A Polish-born Holocaust survivor decides to travel from Buenos Aires to Lodz to fulfill a promise he made nearly 70 years earlier in Argentine writer-director Pablo Solarz’s touching, albeit occasionally heavy-handed, drama “The Last Suit.” Thankfully, this late-life road movie also boasts plenty of poignant and humorous moments that will play well with older viewers and those seeking Jewish-interest content. After reaping numerous audience awards on the festival circuit, the film begins a U.S. theatrical run in New York on Sept. 21, before expanding to Los Angeles on Sept. 28 and later the hinterlands via small but enterprising distribution outfit Outsider Pictures.
Despite a bum right leg that he nicknames “tzuris” because of the aggravation it gives him, stubborn, 88-year-old retired tailor Abraham Bursztein (Miguel Ángel Solá, credibly playing a character two decades his senior) still has plenty of fight and flair left in him. Unfortunately, his family refuses to recognize it. Bursztein, like some latter-day King Lear, has already foolishly divided his property among his daughters, and the two older ones decide to dispatch him to a nursing home. After all, they say, he will soon need more care because the day is coming when his leg will require amputation.
But Bursztein isn’t ready to give up his independence just yet. He has a mission to accomplish back in the old country, a place which for years he has refused to name. When ordering his travel tickets, he still won’t let the word pass his lips and instead writes “Polonia” on a slip of paper. Armed with a suit bag, a small traveling case, and a wad of cash, he sets out on an itinerary that would be punishing even for a young and healthy person: Buenos Aires to Madrid by air, then Madrid to Paris by train, a switch of stations, and then on to destinations east.
Solarz’s script relies on the characters that Bursztein encounters en route to coax from him explanations about his trip and background. These encounters also spark flashbacks to memories of Bursztein’s family in 1940s Lodz. As the flashbacks start to occur with greater frequency, they finally contextualize the striking pre-credit sequence of a Jewish gathering where the people are enthusiastically dancing to klezmer music.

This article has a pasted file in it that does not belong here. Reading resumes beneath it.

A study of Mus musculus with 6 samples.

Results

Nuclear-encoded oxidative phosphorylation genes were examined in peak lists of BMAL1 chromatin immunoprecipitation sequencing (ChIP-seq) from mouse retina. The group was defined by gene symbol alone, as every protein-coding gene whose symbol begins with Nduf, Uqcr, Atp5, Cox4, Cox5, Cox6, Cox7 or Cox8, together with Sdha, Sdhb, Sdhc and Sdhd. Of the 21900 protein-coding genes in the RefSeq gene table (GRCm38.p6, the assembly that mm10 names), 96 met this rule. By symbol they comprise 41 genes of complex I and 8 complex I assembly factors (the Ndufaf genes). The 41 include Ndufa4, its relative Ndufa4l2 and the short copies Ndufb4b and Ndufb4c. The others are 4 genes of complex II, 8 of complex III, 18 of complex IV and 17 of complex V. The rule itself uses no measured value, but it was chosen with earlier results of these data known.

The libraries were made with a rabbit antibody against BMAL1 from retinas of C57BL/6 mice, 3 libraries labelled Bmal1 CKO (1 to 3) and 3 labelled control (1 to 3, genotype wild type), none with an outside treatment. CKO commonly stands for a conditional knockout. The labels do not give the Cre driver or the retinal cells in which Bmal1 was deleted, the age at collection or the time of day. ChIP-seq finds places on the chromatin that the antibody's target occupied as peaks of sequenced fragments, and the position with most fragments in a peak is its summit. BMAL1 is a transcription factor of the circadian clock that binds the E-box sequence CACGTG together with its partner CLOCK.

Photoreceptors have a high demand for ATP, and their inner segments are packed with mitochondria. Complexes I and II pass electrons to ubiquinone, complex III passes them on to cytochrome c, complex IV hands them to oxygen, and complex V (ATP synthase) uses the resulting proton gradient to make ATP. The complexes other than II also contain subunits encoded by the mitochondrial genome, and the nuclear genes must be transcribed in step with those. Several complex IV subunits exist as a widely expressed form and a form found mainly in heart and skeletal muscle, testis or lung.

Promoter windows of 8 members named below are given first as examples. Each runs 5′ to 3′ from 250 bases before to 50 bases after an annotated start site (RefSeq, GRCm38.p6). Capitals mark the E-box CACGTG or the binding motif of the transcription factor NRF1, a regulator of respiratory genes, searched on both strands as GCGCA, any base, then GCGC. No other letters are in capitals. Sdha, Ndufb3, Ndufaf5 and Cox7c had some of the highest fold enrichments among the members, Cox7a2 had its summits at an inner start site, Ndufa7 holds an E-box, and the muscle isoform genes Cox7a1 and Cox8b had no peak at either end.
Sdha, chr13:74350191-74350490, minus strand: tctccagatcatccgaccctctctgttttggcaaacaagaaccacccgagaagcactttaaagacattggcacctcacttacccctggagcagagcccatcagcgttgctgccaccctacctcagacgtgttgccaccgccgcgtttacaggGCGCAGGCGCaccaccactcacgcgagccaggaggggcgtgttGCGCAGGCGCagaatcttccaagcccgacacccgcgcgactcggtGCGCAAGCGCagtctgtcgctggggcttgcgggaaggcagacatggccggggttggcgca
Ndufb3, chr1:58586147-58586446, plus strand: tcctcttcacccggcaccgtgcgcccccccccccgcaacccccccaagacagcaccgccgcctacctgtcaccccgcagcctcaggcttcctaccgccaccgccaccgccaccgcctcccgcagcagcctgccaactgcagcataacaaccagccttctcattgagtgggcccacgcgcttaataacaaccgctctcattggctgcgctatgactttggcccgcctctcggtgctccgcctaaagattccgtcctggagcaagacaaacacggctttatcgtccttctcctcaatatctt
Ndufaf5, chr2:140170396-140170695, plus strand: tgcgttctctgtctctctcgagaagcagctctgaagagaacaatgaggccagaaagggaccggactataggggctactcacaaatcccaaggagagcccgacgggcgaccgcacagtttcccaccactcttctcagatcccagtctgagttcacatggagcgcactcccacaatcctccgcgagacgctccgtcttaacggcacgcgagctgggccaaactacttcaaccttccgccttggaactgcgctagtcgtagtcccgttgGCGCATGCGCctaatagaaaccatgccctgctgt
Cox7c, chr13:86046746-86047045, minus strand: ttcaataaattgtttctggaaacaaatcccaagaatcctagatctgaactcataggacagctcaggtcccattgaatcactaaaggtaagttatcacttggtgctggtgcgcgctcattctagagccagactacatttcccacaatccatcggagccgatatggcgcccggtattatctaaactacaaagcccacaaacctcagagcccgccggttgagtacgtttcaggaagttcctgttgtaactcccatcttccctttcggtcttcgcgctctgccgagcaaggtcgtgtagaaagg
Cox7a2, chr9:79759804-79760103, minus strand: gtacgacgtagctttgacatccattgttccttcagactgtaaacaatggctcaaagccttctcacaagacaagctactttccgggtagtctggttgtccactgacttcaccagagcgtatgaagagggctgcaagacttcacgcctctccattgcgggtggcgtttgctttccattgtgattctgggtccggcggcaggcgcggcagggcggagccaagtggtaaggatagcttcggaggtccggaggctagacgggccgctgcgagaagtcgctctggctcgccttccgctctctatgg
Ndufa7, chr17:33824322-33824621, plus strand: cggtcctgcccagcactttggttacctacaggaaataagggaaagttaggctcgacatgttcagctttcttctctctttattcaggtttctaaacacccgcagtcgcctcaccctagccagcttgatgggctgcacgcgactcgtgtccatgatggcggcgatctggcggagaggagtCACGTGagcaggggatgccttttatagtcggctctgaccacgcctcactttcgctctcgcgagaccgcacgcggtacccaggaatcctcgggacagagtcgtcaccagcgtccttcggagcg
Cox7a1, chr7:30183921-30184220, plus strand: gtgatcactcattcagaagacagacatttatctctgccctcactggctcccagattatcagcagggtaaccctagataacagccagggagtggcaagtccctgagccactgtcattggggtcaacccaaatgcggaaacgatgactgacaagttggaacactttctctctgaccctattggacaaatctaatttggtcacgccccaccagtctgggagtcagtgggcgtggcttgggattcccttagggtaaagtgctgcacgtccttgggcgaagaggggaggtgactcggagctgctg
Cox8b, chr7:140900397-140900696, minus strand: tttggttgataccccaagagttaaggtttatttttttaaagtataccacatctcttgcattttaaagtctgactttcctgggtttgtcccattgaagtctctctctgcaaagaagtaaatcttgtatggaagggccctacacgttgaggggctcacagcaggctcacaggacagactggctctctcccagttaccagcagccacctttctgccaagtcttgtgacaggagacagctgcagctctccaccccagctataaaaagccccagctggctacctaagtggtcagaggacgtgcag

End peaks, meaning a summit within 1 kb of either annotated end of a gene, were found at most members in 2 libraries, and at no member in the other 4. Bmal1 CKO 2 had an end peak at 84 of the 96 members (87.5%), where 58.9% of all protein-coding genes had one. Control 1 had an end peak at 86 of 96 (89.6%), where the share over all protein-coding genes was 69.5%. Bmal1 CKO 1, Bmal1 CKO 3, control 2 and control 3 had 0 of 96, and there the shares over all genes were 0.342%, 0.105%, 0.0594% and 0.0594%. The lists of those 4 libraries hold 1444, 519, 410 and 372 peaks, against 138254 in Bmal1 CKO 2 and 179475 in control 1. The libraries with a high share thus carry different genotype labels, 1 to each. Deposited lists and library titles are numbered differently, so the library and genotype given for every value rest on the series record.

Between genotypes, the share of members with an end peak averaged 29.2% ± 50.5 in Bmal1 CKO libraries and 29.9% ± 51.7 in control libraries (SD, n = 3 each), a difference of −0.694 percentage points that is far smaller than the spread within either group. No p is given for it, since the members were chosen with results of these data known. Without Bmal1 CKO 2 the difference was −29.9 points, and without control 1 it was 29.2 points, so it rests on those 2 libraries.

At first, while he is still relatively fresh, Bursztein is wily and gallant. He cleverly manages to chase away his airline seatmate (Martín Piroyansky) so that he can stretch out, and he shows snappish Madrid hotelier María (a still-sexy Ángela Molina, 40 years on from “That Obscure Object of Desire”) enough old-school charm that she’s willing to help him after he’s been robbed of his travel stash.
But the long hours Bursztein spends on the train are tough and not especially comfortable and the tenacious old gent becomes weaker and increasingly cranky. At Paris’ Gare de l’Est station, he is faced with a quandary: How can he get to Poland without setting foot in Germany? As he tells Ingrid (Julia Beerhold), a multi-lingual German anthropologist who is trying to help him, the thought of a Jewish person traveling by rail through her country has, for him, extremely unpleasant connotations. After the extremely kind and patient Ingrid explains that Germans of her generation have accepted responsibility for their past, he shares with her the tales of his most devastating experiences.
When he finally arrives in Poland, Bursztein has been reduced to a weak and dependent state, not unlike his condition when he returned to his family home after the concentration camps and was restored to health by his neighbor Piotrek (Jan Mayzel as an adult). This time, his guardian angel is nurse Gosia (Olga Boladz), and it is she who helps him to finally fulfill his pledge.
Although the film is generally likable, Solarz overeggs the pudding in some places. Not content to merely allude to “King Lear,” he makes Bursztein declare that he expelled his youngest daughter, Claudia (Natalia Verbeke), when she wouldn’t compete with her sisters in telling him how much she loved him. That clumsy obviousness draws us out of the drama when we already understood that he had behaved like a foolish old man. Likewise, many aspects of his journey stretch credibility a tad too thin. Nevertheless, the end result reinforces belief in the continued existence of a few good souls among humankind.
The solid production package offers a look of stylized naturalism that makes it stand out from the many over-lit telepics on this subject. Antonio Frutos’ cutting smoothly incorporates the flashbacks, and Federico Jusid’s judiciously used klezmer-inflected score is a big plus.